A sinus lift is a bone grafting procedure that is sometimes performed as a part of preparing a site for a dental implant.
Bone replacement materials
Today, bone replacement materials are used in dentistry, orthopedics and traumatology to treat bone defects caused by accidents or diseases.
There are many bone substitutes available for repairing bone defects and restoring bone structure. However, only the properties and synthetic nature of calcium phosphates (hydroxyapatite, tricalcium phosphate etc.) offer a safe and effective solution when bone grafts are needed, while preserving the patient's own bone stock.When used in the form of ceramic or calcium phosphate cement they promote bone reconstruction, as their properties and behaviour are similar to those of biological apatites which are constituents of the mineral phase of human bone. As they are synthetic, they reduce the risks related to infection and immune response that may arise with other types of bone substitutes.
A sinus lift is a bone grafting procedure that is sometimes performed as a part of preparing a site for a dental implant. A sinus lift is required in those instances where the amount of bone found in a patient's upper jaw (in the region originally occupied by their bicuspid or molar teeth) is inadequate to accommodate the planned implant.
There can be several reasons why the amount of bone found in the patient's upper jawbone might be insufficient to accommodate a dental implant.
Some of them include:
The patient's normal jaw anatomy presents complications
The relative size and shape of an individual's upper jaw as well as the current size and shape of their maxillary sinus (the size of the sinus can change with age) varies among people. While over simplified, any one person may have a combination of a relatively small upper jaw and relatively large sinus which together create a situation where there is an insufficient amount of bone for the placement of a tooth implant.
The patient has experienced bone loss due to gum disease
In situations where advance periodontal disease (gum disease) is present, the bone that surrounds and supports the person's teeth is damaged. In the most severe cases, significant amounts of bone can be lost from around the person's teeth, to the point where there is no longer an adequate amount of bone in which to place a tooth implant.
Bone resorption associated with previous tooth extractions
When teeth are extracted the bone that originally held the teeth in place will under go a process called resorption. The net effect of this process is that much of the bone in the region originally occupied by the tooth is lost, possibly to the point where there is an insufficient amount of bone in which to place a dental implant.
The magnitude of post tooth extraction bone loss can be as much as 40 to 60 percent within the first three years after teeth have been removed. Beyond that point, the rate of bone loss typically subsides substantially. The cause of post extraction bone resorption is typically attributed to disuse atrophy, decreased blood supply, localized inflammation and/or unfavorable pressure from a dental appliance (denture or partial denture).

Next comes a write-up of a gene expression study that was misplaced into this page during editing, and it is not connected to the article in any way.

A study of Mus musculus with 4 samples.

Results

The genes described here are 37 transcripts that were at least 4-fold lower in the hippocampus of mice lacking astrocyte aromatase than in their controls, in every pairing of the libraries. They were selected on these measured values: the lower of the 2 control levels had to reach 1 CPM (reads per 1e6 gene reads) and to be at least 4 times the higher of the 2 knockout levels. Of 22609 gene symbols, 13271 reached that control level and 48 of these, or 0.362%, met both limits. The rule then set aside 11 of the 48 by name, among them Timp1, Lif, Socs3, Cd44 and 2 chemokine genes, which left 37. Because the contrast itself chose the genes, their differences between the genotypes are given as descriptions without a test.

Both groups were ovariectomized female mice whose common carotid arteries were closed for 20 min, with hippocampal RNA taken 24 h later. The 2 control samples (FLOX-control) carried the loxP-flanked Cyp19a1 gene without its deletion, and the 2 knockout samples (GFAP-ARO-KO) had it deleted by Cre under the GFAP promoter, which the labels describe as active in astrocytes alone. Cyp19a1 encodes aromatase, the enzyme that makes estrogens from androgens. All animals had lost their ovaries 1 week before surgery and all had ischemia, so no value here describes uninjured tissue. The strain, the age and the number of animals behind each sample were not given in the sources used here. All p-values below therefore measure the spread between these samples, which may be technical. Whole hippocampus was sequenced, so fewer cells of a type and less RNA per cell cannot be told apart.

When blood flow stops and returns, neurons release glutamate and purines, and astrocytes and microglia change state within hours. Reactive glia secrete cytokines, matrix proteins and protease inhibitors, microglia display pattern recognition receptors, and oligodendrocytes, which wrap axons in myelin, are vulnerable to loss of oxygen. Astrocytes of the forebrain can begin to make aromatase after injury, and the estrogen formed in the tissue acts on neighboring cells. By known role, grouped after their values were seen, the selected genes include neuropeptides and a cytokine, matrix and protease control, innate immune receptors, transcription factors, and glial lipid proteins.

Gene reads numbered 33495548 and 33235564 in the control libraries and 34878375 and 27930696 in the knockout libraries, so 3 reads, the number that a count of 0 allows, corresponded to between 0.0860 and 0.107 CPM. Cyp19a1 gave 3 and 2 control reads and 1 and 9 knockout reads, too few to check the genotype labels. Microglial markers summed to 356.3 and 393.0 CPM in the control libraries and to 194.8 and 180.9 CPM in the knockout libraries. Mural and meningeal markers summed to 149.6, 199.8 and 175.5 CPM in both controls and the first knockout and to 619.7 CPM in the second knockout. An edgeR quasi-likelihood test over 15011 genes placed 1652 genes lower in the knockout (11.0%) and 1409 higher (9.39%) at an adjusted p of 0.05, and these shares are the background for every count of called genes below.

The sinus lift procedure
The sinus lift is a surgical procedure. The specific technique that the oral surgeon / implantologist utilizes can vary depending upon their training and experiences but traditionally the procedure has been performed as follows:
1. incision in the patient's gum tissue on the cheek side of their upper jaw in the area where the placement of the dental implant is planned (in the region originally occupied by the patient's bicuspid or molar teeth). This incision allows the oral surgeon to flap back the patient's gum tissue and expose the jawbone that lies underneath.
2. The exposed bone is cut in a fashion where a "trap door" of bone, hinged at the top, is created. This movable section of bone is then pushed gently inward and upward into the sinus cavity. This bone movement caries the sinus membrane attached to it with it, thus "lifting" the membrane (and hence the sinus floor) to a new, higher level. The empty space underneath the lifted sinus membrane is then packed with bone-graft material thus providing the new bone into which the tooth implant will be placed.
3. Once the bone-graft material has been positioned the gum tissue is stitched closed.
4. In some instances it can be possible that the oral surgeon will place the dental implant at the same time that the sinus lift is performed. In most cases, however, a oral surgeon / implantologist will allow a healing period of six to nine months before the dental implant is placed. The specific time frame allowed for healing is dependent upon the type of bone-graft material that has been utilized.